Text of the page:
Happy birthday, StatCan!
It's been 100 years since the Dominion Bureau of Statistics—later renamed Statistics Canada—was created.
Throughout 2018, the agency will be unveiling plans to celebrate this important milestone. "We want to honour our past and present," says Anil Arora, Chief Statistician of Canada. "We recognize that our success was built on years of dedication, ingenuity and hard work, a tradition proudly carried on by employees today."
A century of growth
The agency has grown alongside Canada's population, which registered at 8.6 million in 1918 and 35.1 million in 2016.
In 1918, Robert H. Coats, the first Dominion Statistician and Controller of the Census, supervised the work of 123 employees in a small downtown Ottawa office.
A century later, the agency has continued to grow in reach and in relevance. Today, we stretch from coast to coast with staff in Ottawa and in regional offices. Statistics Canada's presence is now nationwide through a network of Research Data Centres where researchers can access microdata, allowing them to analyze complex social and economic issues.
And the agency's influence is not confined to national borders. As a member of organizations such as the United Nations and the Organisation for Economic Co-operation and Development, Statistics Canada plays an active role in international working groups, pushing new boundaries. The agency collaborates with other statistical organizations to share knowledge and expertise, and build capacity with colleagues around the world.
Statistics Canada, then and now
The last century brought an abundance of progress and innovation, which changed Statistics Canada in fundamental ways.
Although punch cards and electronic tabulating machines eventually revolutionized statistical compilation, printers back in 1918 did not make vertical lines. This left clerks the tedious job of drawing lines on sheets of paper used for census tables, entirely by hand!
Technological advances over the years have increased Statistics Canada's processing and analytical capabilities. Today's employees are able to impute, weigh and verify data using a range of sophisticated processing software.
Trends in communication and dissemination have also evolved. In 1918, with limited mediums through which to distribute information and no 24-hour news cycle to accommodate, the Canada Year Book was the primary publication.
Today, Statistics Canada leverages a variety of communication channels, releasing data through The Daily, and engaging with Canadians through blog posts and social media. The agency produces infographics and data visualization tools to make statistical information more accessible and engaging.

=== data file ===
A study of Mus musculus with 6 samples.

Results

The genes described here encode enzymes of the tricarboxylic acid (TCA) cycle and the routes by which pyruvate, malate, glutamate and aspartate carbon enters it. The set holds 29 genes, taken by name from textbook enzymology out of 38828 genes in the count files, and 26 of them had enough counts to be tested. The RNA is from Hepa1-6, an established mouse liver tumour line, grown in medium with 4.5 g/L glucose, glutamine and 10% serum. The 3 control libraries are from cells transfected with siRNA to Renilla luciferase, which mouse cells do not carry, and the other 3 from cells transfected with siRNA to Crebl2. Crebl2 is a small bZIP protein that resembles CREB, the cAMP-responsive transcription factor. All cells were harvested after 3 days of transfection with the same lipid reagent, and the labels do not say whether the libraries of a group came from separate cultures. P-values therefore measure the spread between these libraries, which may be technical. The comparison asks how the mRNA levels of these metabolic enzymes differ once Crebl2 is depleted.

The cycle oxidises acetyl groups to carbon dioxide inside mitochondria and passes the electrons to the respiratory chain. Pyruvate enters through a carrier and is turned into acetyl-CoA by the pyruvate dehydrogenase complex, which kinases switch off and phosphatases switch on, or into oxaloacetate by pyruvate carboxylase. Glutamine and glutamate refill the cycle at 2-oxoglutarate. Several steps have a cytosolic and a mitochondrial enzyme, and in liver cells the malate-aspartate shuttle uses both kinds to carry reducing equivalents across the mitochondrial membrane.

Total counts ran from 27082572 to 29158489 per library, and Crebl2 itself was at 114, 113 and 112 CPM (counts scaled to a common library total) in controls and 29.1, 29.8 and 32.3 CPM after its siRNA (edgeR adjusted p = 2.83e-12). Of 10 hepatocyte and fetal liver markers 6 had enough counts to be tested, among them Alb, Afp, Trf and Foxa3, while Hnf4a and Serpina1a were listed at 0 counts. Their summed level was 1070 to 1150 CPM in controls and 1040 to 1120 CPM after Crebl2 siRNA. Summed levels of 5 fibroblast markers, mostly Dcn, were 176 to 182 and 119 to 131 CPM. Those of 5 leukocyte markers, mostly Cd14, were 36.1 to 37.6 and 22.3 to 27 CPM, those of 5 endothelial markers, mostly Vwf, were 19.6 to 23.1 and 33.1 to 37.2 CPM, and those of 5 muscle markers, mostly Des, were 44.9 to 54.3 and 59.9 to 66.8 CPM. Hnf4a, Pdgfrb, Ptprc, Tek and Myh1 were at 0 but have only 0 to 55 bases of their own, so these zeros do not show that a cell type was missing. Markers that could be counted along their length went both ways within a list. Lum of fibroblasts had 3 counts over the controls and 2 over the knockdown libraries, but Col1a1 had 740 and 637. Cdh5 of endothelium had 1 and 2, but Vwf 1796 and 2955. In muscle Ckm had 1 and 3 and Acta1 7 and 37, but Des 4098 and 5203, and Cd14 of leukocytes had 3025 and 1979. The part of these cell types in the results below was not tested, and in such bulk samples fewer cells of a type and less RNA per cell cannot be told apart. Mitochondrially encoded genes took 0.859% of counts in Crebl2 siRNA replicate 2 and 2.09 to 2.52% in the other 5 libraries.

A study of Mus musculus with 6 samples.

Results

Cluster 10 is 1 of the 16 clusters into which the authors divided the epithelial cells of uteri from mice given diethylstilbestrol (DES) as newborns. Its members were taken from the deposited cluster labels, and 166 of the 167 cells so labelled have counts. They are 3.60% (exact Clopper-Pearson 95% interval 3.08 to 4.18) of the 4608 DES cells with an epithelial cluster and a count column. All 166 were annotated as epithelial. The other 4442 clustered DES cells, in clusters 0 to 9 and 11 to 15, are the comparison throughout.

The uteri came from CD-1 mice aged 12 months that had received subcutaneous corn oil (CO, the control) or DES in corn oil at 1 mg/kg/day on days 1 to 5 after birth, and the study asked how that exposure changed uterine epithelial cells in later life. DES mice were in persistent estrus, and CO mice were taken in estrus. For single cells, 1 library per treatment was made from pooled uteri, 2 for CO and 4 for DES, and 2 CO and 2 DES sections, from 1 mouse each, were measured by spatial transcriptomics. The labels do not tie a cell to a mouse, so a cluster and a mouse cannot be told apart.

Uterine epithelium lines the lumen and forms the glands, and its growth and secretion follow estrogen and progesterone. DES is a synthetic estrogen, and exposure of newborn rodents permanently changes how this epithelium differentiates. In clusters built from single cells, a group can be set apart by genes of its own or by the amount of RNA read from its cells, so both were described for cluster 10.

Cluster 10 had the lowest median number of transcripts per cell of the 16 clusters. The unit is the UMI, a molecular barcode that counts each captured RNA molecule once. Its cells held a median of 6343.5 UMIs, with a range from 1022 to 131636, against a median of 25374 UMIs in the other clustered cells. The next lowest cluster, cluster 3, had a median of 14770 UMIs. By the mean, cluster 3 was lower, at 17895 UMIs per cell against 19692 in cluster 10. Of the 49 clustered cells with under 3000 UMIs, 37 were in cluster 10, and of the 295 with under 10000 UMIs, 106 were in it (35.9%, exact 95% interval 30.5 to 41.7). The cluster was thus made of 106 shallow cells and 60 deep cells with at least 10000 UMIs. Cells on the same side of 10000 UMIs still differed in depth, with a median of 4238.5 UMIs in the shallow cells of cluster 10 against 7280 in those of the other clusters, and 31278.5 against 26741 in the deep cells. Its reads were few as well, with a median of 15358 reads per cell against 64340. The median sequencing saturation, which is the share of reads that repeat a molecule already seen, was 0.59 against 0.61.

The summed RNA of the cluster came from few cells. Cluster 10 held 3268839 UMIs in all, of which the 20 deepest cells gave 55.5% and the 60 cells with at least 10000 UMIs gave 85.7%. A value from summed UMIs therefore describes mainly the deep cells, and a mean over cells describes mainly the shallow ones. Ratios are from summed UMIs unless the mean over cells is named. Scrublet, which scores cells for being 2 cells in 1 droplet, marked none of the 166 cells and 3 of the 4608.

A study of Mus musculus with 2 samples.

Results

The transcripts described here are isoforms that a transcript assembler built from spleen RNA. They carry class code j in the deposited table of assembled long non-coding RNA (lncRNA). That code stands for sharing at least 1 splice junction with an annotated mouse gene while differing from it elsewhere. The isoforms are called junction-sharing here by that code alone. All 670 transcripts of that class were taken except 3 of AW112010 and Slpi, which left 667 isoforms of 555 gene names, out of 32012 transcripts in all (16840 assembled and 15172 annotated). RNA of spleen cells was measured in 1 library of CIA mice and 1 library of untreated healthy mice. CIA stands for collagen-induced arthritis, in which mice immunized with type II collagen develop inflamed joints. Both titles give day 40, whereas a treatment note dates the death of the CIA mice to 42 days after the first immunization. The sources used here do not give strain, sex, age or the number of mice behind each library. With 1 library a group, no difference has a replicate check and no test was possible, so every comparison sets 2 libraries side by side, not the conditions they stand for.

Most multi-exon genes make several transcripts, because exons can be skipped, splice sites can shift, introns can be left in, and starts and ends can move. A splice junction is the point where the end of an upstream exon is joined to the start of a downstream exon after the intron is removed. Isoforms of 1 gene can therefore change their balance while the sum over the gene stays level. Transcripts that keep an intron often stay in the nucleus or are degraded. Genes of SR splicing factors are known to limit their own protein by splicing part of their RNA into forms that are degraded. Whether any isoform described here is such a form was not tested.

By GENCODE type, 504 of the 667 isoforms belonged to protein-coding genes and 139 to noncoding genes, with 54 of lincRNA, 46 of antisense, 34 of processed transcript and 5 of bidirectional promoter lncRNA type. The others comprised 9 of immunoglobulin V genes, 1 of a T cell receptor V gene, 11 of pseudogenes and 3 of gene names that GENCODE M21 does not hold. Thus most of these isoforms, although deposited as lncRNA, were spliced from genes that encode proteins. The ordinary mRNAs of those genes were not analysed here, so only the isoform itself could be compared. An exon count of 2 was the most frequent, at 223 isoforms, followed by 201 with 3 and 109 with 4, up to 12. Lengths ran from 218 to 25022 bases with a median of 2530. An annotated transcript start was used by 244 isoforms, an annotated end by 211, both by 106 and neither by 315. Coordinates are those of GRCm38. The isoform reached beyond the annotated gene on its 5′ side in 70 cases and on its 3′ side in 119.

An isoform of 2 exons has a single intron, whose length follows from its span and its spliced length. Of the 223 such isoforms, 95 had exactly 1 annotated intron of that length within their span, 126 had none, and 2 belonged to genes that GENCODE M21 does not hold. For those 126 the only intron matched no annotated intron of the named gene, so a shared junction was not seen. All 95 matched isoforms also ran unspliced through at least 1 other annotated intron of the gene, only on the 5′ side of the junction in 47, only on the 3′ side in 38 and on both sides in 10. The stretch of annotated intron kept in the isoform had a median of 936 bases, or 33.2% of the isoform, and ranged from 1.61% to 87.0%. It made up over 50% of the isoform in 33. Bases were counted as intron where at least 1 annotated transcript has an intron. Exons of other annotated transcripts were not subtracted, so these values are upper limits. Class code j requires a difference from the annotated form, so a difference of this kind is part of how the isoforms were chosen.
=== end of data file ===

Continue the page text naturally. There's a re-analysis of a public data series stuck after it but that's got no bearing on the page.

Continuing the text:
Over the years, Statistics Canada's focus has diversified in response to the needs of Canadians.
In 1918, Statistics Canada focused largely on measuring industries such as mining and agriculture, recording 118 million pounds of copper and 189 million bushels of wheat produced that year.
While the agency still tracks these sectors, it has expanded its programs to meet the information needs of a modern society and global economy, which are fueled by high-quality and timely data. As the national statistical organization in a centralized system, Statistics Canada is uniquely positioned to meet those needs.
The agency now produces statistics covering a wide range of topics, from tourism, trade and energy to justice, health and education. The Cannabis Statistics Hub, launched as part of an initiative to track the social and economic effects of pending legislation that would legalize non-medical cannabis, exemplifies Statistics Canada's capacity to respond to rapidly evolving demands for statistical information.
Where we stand today
The solid foundation built over the last century has enabled the agency to achieve new successes in the past few years.
In 2016, Statistics Canada conducted its most successful census ever. Canadians responded with overwhelming enthusiasm—the 98.4% participation rate was the highest in census history.
The following year, the agency launched an ambitious modernization agenda, revealing plans to intensify its focus on user needs, enhance collaboration, build statistical capacity, adopt innovative methods to collect and process data, and modernize its workplace.
The end of 2017 was marked by legislation to amend the Statistics Act, formalizing the agency's independence and reinforcing Canadians' confidence in their national statistical organization.
Looking back, moving forward
While much has changed at Statistics Canada in the last century, some things have remained consistent over time: our dedication to quality, the innovation of our employees and most importantly, the value that we add to Canadians' understanding of our society, environment and the economy. In the words of Mr. Coats: "The statistics of a nation are, in point of fact, the quantitative expression of the character and activities of the people, and hence are of the most profound significance."
The act of gathering statistics in Canada is of course, nothing new: the tradition dates back to 1666, when Jean Talon conducted the first census in New France.
The anniversary marks the year that Canada formalized the Dominion Bureau of Statistics as a national institution. Celebrating Statistics Canada's centennial is about commemorating past achievements, celebrating how far we've come and looking forward to an even brighter future. Canadians expect and desire no less from a world-class statistical agency. As Mr. Arora puts it, "This is our chance to recognize the generations of talent that have brought us to where we are today, and to celebrate the continued achievements of a world-class organization."
Over the course of 2018, we will engage with Canadians through a series of commemorative products and activities. Visit our website regularly and join in the celebration—here's to the next 100 years!